An LJ post by glo_ku (in a sort of English after the first paragraph) reveals a wonderfully Joycean sense of wordplay, and would make an excellent test of a student’s mastery of Russian idioms, colloquialisms, and slang. The “Russian” part starts off “Глад бонжурствовать юс апресле лунгаминного абсенствия” [Glad bonzhurstvovat’ yus apresle lungaminnogo absenstviya], which when looked at through multilingual glasses translates as “Glad to greet you after the long absence,” and proceeds to become too multilingual even for me (I have no idea what “взыл мучень бешафнят” means). The “English” part starts “The events I’d like to tell you about took place in a small town of Derry Vushko right after the old fart Party Zahn have thrown away the hooves”; “Derry Vushko” is the Russian word деревушка [derevushka] ‘small town,’ Party Zahn is партизан [partizan] ‘partisan’ (the partisan fighting behind enemy lines is a familiar figure in Russian/Soviet life and literature), and “thrown away the hooves” is отбросил копыта [otbrosil kopyta (thanks, Valera!)], a slang phrase comparable to “kicked the bucket.” Similarly, later on дифирамб [difiramb, ‘dithyramb, eulogy’] becomes “Dee Fee Rumba” and катить бочку [katit’ bochku, ‘to take action to harm someone else’s career’] is literally rendered as “to roll a barrel.” It’s lots of fun if you like that sort of thing. (Via Anatoly.)


  1. Valera Fooksman says

    “взыл мучень бешафнят” = “was/был mucho/очень beschäftigt/занят”
    А также, не “бросил”, а “отбросил” копыта.

  2. ha-ha! the nickname of the blogger is a giveaway – it’s a tribute to the famous Glokaya Kuzdra by Academician Lev Sherba, a nonsensical but grammatically correct sentence.

  3. marie-lucie says

    Sort of like Lewis Carroll’s Jabberwocky:
    Twas brillig, and the slithy toves/Did gyre and gimble in the Wabe. /All mimsy were the borogoves/And the mome raths outgrabe..
    The poem, especially the first stanza, is quoted in almost every textbook in linguistics, to make the same point as Glokaya Kuzdra.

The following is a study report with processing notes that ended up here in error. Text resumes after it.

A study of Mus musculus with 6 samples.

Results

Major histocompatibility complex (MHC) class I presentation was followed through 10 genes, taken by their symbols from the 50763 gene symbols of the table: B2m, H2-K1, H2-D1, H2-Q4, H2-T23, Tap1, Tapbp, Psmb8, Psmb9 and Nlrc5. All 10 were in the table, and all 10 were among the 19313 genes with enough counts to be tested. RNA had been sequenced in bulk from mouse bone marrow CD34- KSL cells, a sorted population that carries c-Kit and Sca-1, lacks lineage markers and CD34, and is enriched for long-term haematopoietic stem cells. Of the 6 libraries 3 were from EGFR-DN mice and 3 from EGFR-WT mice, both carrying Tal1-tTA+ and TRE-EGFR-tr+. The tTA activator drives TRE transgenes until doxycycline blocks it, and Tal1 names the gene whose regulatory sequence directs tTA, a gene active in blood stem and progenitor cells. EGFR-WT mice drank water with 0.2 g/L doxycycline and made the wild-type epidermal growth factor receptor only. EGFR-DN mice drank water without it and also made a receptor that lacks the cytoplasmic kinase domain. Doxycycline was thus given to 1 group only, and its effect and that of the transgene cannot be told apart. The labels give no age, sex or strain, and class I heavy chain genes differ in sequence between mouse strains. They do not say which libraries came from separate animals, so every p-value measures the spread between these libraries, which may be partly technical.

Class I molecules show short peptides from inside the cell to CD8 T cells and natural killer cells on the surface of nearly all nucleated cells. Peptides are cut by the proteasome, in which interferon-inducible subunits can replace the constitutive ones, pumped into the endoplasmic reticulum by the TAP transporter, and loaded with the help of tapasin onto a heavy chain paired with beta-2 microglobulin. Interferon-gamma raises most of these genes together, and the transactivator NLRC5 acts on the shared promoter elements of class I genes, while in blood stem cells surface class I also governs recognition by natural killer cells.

4. Thanks for both the explanation and the correction, Valera, and thanks for Sherba, Sashura!

  5. m-l: A closer analog to the Russian is “The gostak distims the doshes,” less well known (obviously) to the public at large than Jabberwocky but well known to anyone concerned with semiotics and designed to make the same point Sherba was making.

  6. oh, thanks, I didn’t know about gostak and have never thought of Jabberwocky in this sense.

  7. marie-lucie says

    The gostak distims the doshes
    There is a difference between this sentence, which is grammatical but uninterpretable because it uses unknown words, and Chomsky’s Colorless ideas sleep furiously which is also grammatical, but nonsensical because the words, which are part of general English vocabulary and individually easily interpreted, are semantically incompatible.
    For a sample of uninterpretability I do prefer Jabberwocky.

  8. And here’s an interpretation of Jabberwocky into mathematical jargon — unfortunately still nonsensical:
    ‘Twas Euclid and the theorem pi
    Did plane and solid in the text,
    All parallel were the radii,
    And the ang-gulls convex’d.
    “Beware the Wentworth-Smith, my son,
    And the Loci that vacillate;
    Beware the Axiom, and shun
    The faithless Postulate.”
    He took his Waterman in hand;
    Long time the proper proof he sought;
    Then rested he by the XYZ
    And sat awhile in thought.
    And as in inverse thought he sat
    A brilliant proof, in lines of flame,
    All neat and trim, it came to him.
    Tangenting as it came.
    “AB, CD,” reflected he —
    The Waterman went snicker-snack —
    He Q. E. D.-d, and, proud indeed,
    He trapezoided back.
    “And hast thou proved the 29th?
    Come to my arms, my radius boy!
    Oh good for you! O one point two!”
    He rhombused in his joy.
    ‘Twas Euclid and the theorem pi
    Did plane and solid in the text,
    All parallel were the radii,
    And the ang-gulls convex’d.
         —Emma Rounds, “Plain [sic] Geometry”

  9. While The gostak distims the doshes has something to commend it self: it’s remade into a classical game. I didn’t finish this one, though.